At the heart of the Symantec case is a lack of CA policies and processes that when implemented can help protect against improper actions. In the absence of such safeguards, organizations should consider switching their certificates over to another CA. By no means is that the only reason why enterprises should consider a change. Nor is it the only element that factors into their decision-making process.
Indeed, organizations face several possible difficulties when it comes to switching CAs. Those obstacles aren't insurmountable, however. With that said, here are four common challenges involved with switching to a new CA and guidelines on how to overcome them.
When organizations are considering a switch to a new CA, they need to first find all of their certificates. They might have a running inventory of all certificates purchased through the appropriate channels, but departments sometimes go rogue and purchase certificates from other CAs without proper authorization.
Acknowledging that possibility, it's important for organizations to use an automated tool that can find all of their certificates no matter where they are being used and create a comprehensive inventory. IT can then use those records to develop a plan for transitioning to a new CA.
Issuing and Installing
Next on organizations' list of concerns is issuing and installing certificates. Doug Beattie, VP of SSL product management at GlobalSign, explains in a webinar that this challenge consists of ordering new certificates, requesting them, verifying that their domains are validated and accounts configured, and issuing and installing all of the new certificates. This obstacle is of particular importance for organizations; they don't want to cause a service disruption.
Fortunately, organizations can take steps to make sure issuing and installing certificates with a new CA easier. DigiCert notes that this effort begins with following best security practices such as not uninstalling a certificate until organizations have properly installed its replacement on the server, renewing certificates before expiration, and running regular scans of their encryption environment. They should also look into a platform that allows for automated issuance and installation of organization validation (OV) and extended validation (EV) certificates.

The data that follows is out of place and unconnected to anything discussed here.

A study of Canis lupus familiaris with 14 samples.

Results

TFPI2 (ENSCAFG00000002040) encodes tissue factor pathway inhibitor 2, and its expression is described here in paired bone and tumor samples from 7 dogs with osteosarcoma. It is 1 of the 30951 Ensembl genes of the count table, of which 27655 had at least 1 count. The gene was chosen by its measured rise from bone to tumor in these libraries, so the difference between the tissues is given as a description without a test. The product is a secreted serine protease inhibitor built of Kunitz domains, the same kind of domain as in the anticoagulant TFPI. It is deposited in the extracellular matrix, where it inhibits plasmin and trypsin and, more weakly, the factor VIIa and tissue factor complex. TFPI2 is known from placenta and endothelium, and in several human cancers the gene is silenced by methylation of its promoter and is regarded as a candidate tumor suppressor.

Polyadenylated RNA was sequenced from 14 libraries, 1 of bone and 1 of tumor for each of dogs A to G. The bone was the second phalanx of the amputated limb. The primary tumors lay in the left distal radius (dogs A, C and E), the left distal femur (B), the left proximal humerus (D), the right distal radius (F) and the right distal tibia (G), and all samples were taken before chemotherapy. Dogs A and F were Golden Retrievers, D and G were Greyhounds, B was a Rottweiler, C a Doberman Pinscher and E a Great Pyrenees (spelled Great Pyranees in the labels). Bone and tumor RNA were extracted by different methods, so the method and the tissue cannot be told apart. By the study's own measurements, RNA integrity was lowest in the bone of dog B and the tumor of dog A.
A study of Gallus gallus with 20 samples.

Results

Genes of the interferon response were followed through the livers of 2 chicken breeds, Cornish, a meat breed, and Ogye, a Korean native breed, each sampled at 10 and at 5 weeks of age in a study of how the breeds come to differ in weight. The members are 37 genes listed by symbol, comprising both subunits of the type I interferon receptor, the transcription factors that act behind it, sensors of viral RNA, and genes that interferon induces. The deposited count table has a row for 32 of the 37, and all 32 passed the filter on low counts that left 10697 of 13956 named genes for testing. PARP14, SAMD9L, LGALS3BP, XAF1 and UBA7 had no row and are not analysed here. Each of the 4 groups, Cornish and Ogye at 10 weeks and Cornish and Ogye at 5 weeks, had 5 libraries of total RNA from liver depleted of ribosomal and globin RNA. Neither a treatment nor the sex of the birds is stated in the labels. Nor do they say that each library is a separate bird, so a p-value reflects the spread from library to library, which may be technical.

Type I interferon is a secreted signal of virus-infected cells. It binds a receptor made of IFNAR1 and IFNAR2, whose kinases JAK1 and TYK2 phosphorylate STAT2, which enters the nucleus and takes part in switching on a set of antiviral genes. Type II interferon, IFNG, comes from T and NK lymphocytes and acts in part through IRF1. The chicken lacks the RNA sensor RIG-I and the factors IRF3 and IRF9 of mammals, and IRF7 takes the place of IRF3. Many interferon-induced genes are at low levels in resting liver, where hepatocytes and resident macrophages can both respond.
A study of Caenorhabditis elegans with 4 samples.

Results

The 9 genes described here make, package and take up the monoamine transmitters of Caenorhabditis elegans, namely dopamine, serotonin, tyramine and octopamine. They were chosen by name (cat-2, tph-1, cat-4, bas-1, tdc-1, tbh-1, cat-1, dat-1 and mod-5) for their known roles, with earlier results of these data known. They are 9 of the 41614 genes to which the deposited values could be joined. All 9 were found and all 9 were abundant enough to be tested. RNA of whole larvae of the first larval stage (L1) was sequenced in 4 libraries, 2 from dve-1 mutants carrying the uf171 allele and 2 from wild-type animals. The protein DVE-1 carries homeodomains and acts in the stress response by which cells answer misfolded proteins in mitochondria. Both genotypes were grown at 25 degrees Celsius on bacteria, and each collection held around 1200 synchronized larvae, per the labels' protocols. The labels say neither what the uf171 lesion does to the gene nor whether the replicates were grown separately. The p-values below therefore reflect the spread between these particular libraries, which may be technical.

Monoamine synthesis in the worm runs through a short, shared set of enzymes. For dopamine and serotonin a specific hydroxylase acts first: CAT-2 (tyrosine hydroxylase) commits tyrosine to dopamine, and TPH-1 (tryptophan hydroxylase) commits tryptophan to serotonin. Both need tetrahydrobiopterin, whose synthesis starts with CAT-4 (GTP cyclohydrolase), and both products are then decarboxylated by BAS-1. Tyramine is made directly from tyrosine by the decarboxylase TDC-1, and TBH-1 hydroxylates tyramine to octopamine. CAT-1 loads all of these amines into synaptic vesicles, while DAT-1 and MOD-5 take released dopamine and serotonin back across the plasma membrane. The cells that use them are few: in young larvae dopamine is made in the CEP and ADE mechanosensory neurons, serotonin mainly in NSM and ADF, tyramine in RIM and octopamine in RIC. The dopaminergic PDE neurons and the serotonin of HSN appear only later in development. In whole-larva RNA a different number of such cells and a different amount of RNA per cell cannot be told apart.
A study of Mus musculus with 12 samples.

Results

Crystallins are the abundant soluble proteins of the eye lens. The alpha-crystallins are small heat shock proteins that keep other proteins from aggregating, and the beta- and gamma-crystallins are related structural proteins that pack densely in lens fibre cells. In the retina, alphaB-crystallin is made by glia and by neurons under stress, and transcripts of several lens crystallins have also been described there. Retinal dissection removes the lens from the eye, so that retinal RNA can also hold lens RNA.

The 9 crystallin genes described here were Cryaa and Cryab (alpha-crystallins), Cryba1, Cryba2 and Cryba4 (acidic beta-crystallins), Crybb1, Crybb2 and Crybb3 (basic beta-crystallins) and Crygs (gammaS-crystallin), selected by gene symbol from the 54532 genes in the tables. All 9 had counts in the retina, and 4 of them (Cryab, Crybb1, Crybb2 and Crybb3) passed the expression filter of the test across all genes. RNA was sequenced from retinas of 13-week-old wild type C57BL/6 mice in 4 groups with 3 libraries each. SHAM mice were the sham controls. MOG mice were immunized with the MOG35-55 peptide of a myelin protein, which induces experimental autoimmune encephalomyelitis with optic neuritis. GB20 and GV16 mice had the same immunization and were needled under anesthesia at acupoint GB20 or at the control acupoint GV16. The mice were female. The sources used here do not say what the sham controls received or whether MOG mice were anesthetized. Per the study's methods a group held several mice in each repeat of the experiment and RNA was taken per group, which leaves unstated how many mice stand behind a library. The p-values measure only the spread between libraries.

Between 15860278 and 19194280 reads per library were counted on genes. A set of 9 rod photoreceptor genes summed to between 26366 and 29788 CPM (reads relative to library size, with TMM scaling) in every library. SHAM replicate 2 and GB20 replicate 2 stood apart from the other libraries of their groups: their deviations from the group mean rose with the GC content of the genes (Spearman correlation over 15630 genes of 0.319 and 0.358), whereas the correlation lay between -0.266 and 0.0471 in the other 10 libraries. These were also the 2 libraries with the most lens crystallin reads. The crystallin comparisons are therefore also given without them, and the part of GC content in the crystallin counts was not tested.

The steps above might not sound too overwhelming in practice. Even so, some organizations might worry about how much switching to a CA costs. They're already paying fees for an existing certificate agreement; their fear is that they'll need to pay more for a new agreement with less favorable terms.
Organizations have lots of choices when it comes to the costs of switching to a new CA, however. Many Certificate Authorities offer flexible pricing plans like pay-as-you-go models as well as certificate licensing models where they can purchase thousands of certificates for one flat fee. At the same time, companies should be sure to weigh pricing as opposed to the overall value of a certificate agreement. For instance, an arrangement might include SSL management tools, a certificate management platform, and customizable options, features which could all justify higher costs for an organization.
Last but not least, organizations don't want to lose out on their certificates' existing validity. Many CAs recognize this fact and work with organizations to ensure their certificates retain the most value over the course of a transition. Towards that end, some Certificate Authorities add the remaining validity of organizations' existing certificates onto their newly purchased replacements. Such measures help organizations save money and thereby help make a transition to another CA smoother.
Certificate Management as a Core Concern
Most if not all of the challenges discussed above boil down to organizations finding a certificate management solution that maximizes flexibility, control, and security. Such a platform can help them manage their certificates regardless of which CA they ultimately choose.